Red, Hot and Blue (1949)
Movie Review by Debbie Winkler
Starring: Betty Hutton, Victor Mature, William Demarest, June Havoc, Jane Nigh
Director: John Farrow
Release Date: 5 September 1949
Length: 84 minutes
Movie Rating: Not Rated
View Format: TV
My Rating: 4/5 stars
This movie is a series of madcap adventures by a publicity-hungry starlet named Eleanor “Yum-Yum” Collier (Betty Hutton) who is ready to hit the big time – right now! Her boyfriend, director Danny James (Victor Mature), tries to reason with Eleanor and persuade her that not all publicity is good publicity, but wide-eyed, Ohio-born Eleanor chooses to believe whoever she is around. So she is torn between Danny, who preaches patience, and her publicist, Charlie Baxter (William Demarest), who has never met a gossip column entry that he didn’t love. Of course, Eleanor’s naivety and relentless pursuit of fame gets her into all kinds of trouble, which Danny usually bails her out of, but when she is present during a mob hit, has Eleanor finally gotten herself into a bind that even Danny cannot rescue her from?
I had never even heard of this movie and I really have no idea who Betty Hutton is, but I really had a fun time watching this film! It is all in black and white, but was able to capture my interest pretty quickly and hold it through Eleanor’s crazy adventures. The movie starts out with a big, blasting number called “I Wake Up in the Morning Feeling Fine,” which really captured Eleanor’s (Betty Hutton) personality in this movie. She is loud, upbeat, disgustingly cheerful, happy, full of sunshine and has way too much energy! So, of course, I loved her and thought she was hilarious! I really enjoyed the other musical numbers in this movie, too. There are only a total of 4 songs that are sung in this movie, but they were all very enjoyable and elevated the movie to something better than average. “That’s Loyalty” is a crazy audition piece that Eleanor performs that is all about how her boyfriend criticizes her all the time, but whenever anyone else criticizes her, he defends her and claims that she is the most beautiful girl, the best dancer, etc. The lyrics are really cute and clever so try to pay attention instead of watching Betty Hutton’s antics as she performs. “Hamlet” is a musical, abridged version of the classic Shakespeare tragedy. They somehow manage to make the tragedy appear comedic and this was a really entertaining number in the movie. The standout song in the movie is Betty Hutton’s ballad, “(Where Are You) Now That I Need You?,” which is a beautiful, heartfelt song that Betty performs seriously the first time and then comically the second time.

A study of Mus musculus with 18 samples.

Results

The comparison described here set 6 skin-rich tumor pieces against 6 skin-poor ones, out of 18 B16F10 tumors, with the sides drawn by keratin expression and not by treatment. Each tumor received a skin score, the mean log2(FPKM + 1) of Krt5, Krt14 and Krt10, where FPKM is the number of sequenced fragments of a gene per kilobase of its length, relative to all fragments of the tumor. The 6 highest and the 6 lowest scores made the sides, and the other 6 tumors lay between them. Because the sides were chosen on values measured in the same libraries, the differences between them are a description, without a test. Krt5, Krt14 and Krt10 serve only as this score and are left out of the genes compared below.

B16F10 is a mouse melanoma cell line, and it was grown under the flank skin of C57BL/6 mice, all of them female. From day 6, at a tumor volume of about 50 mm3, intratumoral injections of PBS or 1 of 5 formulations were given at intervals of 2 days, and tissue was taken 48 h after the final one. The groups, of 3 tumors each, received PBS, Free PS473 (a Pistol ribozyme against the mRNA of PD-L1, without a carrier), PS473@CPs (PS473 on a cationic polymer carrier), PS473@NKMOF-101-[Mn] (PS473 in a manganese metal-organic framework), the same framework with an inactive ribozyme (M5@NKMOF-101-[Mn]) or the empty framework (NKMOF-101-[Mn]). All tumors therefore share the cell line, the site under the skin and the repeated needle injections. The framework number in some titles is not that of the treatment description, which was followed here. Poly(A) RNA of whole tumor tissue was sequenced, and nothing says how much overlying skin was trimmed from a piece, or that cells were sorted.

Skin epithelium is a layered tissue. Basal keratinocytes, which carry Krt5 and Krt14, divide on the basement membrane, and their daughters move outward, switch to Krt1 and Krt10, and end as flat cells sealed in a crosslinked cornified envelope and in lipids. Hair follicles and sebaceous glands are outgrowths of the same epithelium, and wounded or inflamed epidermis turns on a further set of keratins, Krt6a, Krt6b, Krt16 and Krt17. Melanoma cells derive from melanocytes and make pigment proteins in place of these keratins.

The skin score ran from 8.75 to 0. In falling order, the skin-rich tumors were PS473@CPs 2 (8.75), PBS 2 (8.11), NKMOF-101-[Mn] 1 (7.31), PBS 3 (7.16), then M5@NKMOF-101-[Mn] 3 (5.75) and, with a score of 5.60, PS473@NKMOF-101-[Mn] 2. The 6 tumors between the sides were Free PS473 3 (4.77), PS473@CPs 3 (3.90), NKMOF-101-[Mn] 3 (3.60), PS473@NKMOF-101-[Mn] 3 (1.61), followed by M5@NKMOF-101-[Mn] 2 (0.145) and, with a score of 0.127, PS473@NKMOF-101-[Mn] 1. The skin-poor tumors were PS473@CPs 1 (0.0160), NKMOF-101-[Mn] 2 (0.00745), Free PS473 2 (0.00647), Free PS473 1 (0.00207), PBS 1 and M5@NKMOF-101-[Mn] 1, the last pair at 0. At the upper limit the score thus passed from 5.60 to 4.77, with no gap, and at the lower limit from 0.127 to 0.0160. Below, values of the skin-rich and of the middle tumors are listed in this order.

Betty Hutton was a riot as Eleanor and she got herself into all kinds of scrapes. She ends up dating a married man, believes a mobster is a famous producer, argues with her boyfriend (Victor Mature) about publicity, changes her name to Yum-Yum, thinks that a job modeling girdles could lead to the big time and all kinds of other adventures. She was really funny to watch as she tried to pursue fame. Danny ((Victor Mature), her long-suffering boyfriend, stuck with her because he was madly in love with her, even though she keeps ditching him to pursue fame. The supporting cast were very able in their roles and are usually used as a foil for Betty‘s energetic, hilarious performance. Of course, the plot is completely unbelievable and way out there, but it was funny and I found myself smiling a lot during the movie.
If you enjoy musical comedy, I think you should give this movie a chance. Unfortunately, I was not able to find this movie available on DVD or video so you have to try and catch it on TV. This is too bad as I really had a fun time with this film and thought the music was wonderful. Betty Hutton is big, brassy and bigger than life so she really swallows up the screen and is definitely the star of the film. I would love to see a collection of her movies come out so that I could rent that and see some other movies that she is in. If you catch this movie on TV, I recommend that you take the time to watch it as it is pretty short and really funny.
This movie has a mob hit in it and they show the gun, the gunshot and the mobster falling over (no blood and no shots of the body after he dies). Eleanor is also kidnapped by a mobster and threatened with torture to make her reveal the details of the mob hit. There really is no peril involved and Eleanor races through the “danger” in a grand, hilarious fashion. This movie also shows Eleanor getting drunk, accidentally dating a married man, and other men smoking and drinking. Recommended for ages 7 and up (as they might have a chance at following the relatively convoluted plot).